See Anna, you don’t have to wait ten years to live the dream. You get to live it now!
As always, mum is right. My dream was to live and work abroad as a writer. And now, I’m doing that! But what does it mean to “live the dream”?
Living the dream is piling my 1 and 2 penny coins into a recycled yogurt cup and walking 20 minutes to the store that sells the particularly cheap toilet paper. And once I reach the store and announce my presence with the jingling cup, a strange sense of euphoria overcomes me knowing that I am about to trade my useless pennies for a jumbo, economic, double-ply roll of toilet paper.
Living the dream is contending with the nightmares that have me convinced that my modern and plain apartment with absolutely no historical character or juicy past is haunted. But soon enough, the puppy videos I watch on YouTube just before I go to bed will convince me that the haunting presence responsible for the falling pictures is just a friendly ghost with the Slovak equivalent of “Casper” as a name. (Casperik? Caspuska?)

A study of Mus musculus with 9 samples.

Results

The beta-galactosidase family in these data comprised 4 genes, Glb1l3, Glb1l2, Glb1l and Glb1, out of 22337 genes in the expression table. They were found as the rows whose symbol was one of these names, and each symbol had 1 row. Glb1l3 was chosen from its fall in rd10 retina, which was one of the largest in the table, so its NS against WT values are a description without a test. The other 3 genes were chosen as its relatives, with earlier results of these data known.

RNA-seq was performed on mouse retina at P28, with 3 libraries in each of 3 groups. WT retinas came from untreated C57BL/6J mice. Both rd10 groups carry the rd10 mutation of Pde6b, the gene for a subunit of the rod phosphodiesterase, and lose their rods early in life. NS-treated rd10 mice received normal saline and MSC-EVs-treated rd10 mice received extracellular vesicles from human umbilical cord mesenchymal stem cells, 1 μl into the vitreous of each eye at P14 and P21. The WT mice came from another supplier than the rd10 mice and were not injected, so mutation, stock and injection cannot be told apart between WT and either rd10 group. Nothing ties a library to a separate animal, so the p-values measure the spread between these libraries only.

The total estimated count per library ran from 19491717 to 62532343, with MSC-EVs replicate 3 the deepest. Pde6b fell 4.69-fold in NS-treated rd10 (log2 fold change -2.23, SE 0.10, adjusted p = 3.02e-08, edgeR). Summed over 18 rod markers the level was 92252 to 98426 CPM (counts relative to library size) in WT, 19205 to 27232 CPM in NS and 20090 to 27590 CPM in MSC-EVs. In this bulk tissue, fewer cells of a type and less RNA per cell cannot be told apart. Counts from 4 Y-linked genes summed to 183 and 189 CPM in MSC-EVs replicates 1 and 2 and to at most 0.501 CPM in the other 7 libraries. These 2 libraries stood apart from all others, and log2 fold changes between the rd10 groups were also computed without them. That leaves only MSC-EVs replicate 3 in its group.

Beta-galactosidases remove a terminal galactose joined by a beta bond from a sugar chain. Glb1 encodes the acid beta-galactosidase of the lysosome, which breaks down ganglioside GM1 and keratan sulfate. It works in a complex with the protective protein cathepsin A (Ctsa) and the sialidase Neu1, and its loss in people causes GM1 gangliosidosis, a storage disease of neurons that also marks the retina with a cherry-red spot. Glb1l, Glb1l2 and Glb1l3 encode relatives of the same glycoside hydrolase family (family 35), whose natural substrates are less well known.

Living the dream is waking up at strange hours once in a while and yearning for my childhood bedroom. And for a moment when I swear I can hear my mum opening the linen cupboard or my brother clearing his throat across the hall or my dad opening the fridge downstairs I feel a whiff of sadness.
Living the dream is realizing that Slovakia is not my childhood bedroom but rather my whole childhood world. Everything is new and inflates my curiosity. I get to explore the universe with newborn eyes.
Living the dream is removing the rose-colored glasses and exploring the cracked pavement that surrounds the pretty flowers.
Living the dream is hugging or high-fiving a near stranger who becomes a good friend before I even know their name.
Living the dream is queing at the post office for over an hour, sustained by the prospect of a surprise package from my generous mum. And when I finally get my package after bouncing from one counter to another, living the dream involves the risk of death by the alarmingly heavy and fast swinging doors that shove customers in and out of the post office.
Living the dream is smiling during the most random and mundane of moments.
Living the dream is wearing a professional outfit that makes me unbelievably giddy and childlike knowing that when I last lived in this country twenty years ago, I used to dress up in over-sized lab coats, and princess crowns, and graduation gowns.
Living the dream is realizing that the life I’m living now was once a game of make belief, an idolized image in my mind.
Living the dream is realizing that I’ve chosen to live a bizarre, spontaneous, mundane, confusing, slightly risky, and wholly satisfying life that is expensive and invaluable and everything I was never brave enough to imagine.